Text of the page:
If you’ve noticed lately that foods cooked in pots and pans on your radiant glass cooktop aren’t cooking evenly, it might be time to consider new cookware. Find out if your old cookware is doing its job and see which popular cookware materials might be better for your glass cooktop.
Signs you need new cookware
Warped or curved bottom. Warped or curved bottoms on pots and pans can lead to uneven cooking because the bottom of the pan isn’t making good contact with the entire heating element. Check for flatness by setting a ruler across the bottom of the cookware in several places. There should be no gaps between the ruler and the bottom of the pan.
Loose-fitting lids. A lid that doesn’t fit tightly is a sign of a warped pot or pan and can cause uneven cooking because the bottom of the pan isn’t making good contact with the entire heating element.
Heavy handles. A handle that is too heavy for the container can tip the cookware—and the food in it—to one side. Not only can a tilted pan make food cook unevenly, it’s also unsafe.
Popular cookware materials
New cookware lines come out all the time. But before you buy one just because it’s pretty and matches the decor of your kitchen, make sure it’s the best fit for your radiant glass cooktop. The cookware material determines how fast and evenly your food cooks.
No matter what cookware you choose, remember this: Don’t slide pots and pans across your glass cooktop. Sliding can leave marks on or scratch your cooktop. Some marks can be removed, others you’ll be stuck with.
Aluminum heats up quickly and evenly. Some types of food may darken aluminum. Newer, anodized aluminum cookware resists staining and pitting better than older aluminum cookware. Aluminum cookware generally cleans easily with warm, sudsy water. Aluminum residue sometimes appears as scratches on the cooktop, but usually will come off if you clean it immediately.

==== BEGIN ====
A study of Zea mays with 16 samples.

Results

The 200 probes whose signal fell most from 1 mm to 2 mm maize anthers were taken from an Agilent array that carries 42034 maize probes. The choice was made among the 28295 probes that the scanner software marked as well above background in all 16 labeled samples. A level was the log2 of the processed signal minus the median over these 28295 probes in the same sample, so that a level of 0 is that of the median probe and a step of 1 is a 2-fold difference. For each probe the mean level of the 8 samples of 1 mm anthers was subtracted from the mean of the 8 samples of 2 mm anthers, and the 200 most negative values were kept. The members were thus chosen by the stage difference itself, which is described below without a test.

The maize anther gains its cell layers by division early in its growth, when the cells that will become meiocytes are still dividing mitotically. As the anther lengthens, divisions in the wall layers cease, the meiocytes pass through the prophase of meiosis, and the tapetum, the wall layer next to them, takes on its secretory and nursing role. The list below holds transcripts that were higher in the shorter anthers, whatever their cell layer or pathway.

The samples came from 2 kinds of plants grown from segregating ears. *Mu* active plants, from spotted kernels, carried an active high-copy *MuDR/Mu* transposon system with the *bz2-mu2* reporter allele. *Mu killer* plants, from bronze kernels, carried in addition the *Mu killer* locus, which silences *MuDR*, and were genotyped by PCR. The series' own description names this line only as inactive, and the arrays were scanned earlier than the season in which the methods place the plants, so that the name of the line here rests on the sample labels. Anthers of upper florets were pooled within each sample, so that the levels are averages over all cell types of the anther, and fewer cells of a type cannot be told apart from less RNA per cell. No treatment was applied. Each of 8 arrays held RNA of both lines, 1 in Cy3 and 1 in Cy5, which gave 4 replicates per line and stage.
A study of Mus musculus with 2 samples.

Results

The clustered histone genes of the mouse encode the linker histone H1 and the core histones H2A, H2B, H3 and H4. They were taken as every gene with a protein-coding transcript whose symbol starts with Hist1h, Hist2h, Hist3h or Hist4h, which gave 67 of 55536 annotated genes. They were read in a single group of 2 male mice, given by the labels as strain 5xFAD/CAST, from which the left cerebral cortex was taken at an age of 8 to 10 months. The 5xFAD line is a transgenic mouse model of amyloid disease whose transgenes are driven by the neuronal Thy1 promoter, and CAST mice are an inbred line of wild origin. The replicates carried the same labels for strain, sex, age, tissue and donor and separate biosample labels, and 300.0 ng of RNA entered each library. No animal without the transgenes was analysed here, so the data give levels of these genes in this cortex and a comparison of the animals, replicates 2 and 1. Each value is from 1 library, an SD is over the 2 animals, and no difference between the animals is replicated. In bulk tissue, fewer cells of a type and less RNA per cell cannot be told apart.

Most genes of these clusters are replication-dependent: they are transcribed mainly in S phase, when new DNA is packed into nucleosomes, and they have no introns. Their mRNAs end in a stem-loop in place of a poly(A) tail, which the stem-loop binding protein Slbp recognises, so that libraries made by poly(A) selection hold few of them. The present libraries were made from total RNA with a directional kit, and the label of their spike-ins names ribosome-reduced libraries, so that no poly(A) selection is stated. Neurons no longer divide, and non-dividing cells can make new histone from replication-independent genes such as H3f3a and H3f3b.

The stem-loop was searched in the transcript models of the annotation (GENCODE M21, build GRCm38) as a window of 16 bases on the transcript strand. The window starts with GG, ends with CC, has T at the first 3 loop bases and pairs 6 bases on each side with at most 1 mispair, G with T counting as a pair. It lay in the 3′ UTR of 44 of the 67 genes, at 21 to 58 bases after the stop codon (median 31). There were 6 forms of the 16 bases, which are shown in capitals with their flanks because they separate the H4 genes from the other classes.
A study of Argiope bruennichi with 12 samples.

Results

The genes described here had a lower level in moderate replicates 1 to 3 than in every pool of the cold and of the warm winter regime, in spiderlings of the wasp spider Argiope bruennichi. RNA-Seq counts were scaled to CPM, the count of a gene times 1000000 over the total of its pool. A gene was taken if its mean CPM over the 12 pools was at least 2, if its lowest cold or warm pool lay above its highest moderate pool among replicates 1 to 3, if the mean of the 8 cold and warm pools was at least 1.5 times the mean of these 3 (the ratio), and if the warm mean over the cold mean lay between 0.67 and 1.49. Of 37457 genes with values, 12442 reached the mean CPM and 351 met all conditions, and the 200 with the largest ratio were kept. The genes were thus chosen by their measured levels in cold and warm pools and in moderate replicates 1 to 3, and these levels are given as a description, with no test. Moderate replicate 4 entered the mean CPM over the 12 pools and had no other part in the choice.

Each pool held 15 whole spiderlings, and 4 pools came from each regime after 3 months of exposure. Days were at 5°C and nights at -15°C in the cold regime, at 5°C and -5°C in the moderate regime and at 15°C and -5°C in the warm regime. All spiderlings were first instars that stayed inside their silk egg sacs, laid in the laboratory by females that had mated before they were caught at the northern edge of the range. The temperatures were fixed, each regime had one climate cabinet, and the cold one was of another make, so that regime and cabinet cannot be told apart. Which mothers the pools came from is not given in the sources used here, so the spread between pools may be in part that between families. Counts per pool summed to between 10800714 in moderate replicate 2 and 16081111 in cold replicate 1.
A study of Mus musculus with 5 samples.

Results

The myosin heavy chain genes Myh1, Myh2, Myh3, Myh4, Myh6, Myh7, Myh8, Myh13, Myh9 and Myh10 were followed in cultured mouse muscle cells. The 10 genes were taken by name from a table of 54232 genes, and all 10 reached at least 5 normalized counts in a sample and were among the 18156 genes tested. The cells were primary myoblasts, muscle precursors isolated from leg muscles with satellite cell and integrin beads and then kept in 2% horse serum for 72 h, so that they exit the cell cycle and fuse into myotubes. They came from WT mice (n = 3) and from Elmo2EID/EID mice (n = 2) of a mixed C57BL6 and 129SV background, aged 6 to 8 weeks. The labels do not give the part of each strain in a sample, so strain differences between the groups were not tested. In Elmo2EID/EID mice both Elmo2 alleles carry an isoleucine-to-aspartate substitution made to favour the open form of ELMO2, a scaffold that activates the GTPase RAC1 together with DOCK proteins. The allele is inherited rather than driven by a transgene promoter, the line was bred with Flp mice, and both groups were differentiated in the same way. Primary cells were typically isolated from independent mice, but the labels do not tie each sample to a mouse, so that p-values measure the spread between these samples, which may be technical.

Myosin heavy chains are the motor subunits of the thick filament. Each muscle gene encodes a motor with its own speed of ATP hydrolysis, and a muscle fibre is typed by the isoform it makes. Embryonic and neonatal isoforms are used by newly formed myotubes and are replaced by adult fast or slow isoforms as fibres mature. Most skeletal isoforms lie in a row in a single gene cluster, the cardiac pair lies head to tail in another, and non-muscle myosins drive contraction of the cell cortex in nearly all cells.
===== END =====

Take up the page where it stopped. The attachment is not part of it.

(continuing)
Copper also heats up quickly and evenly, but it discolors easily. It may also leave metal marks on glass, like aluminum can. Copper needs to be polished regularly.
Stainless steel heats up slowly with uneven cooking results. However, stainless steel is durable, easy to clean and resists staining.
Porcelain-enamel performs well on glass cooktops only if the bottom is thick and flat. Porcelain-enamel coating must be smooth to avoid scratching the cooktop. Also, take care not to boil pans dry because porcelain can melt and fuse to cooktop.
Cast iron heats up slowly, but it retains heat very well. Cast iron cooks evenly once it reaches the cooking temperature. A big advantage is that you can also use cast iron in the oven. It’s generally not recommended for glass cooktops, however, because it can scratch the cooktop. It quickly becomes pitted and can rust easily if not cleaned properly.
Glass heats up slowly and isn’t recommended for glass cooktops because it may scratch the glass.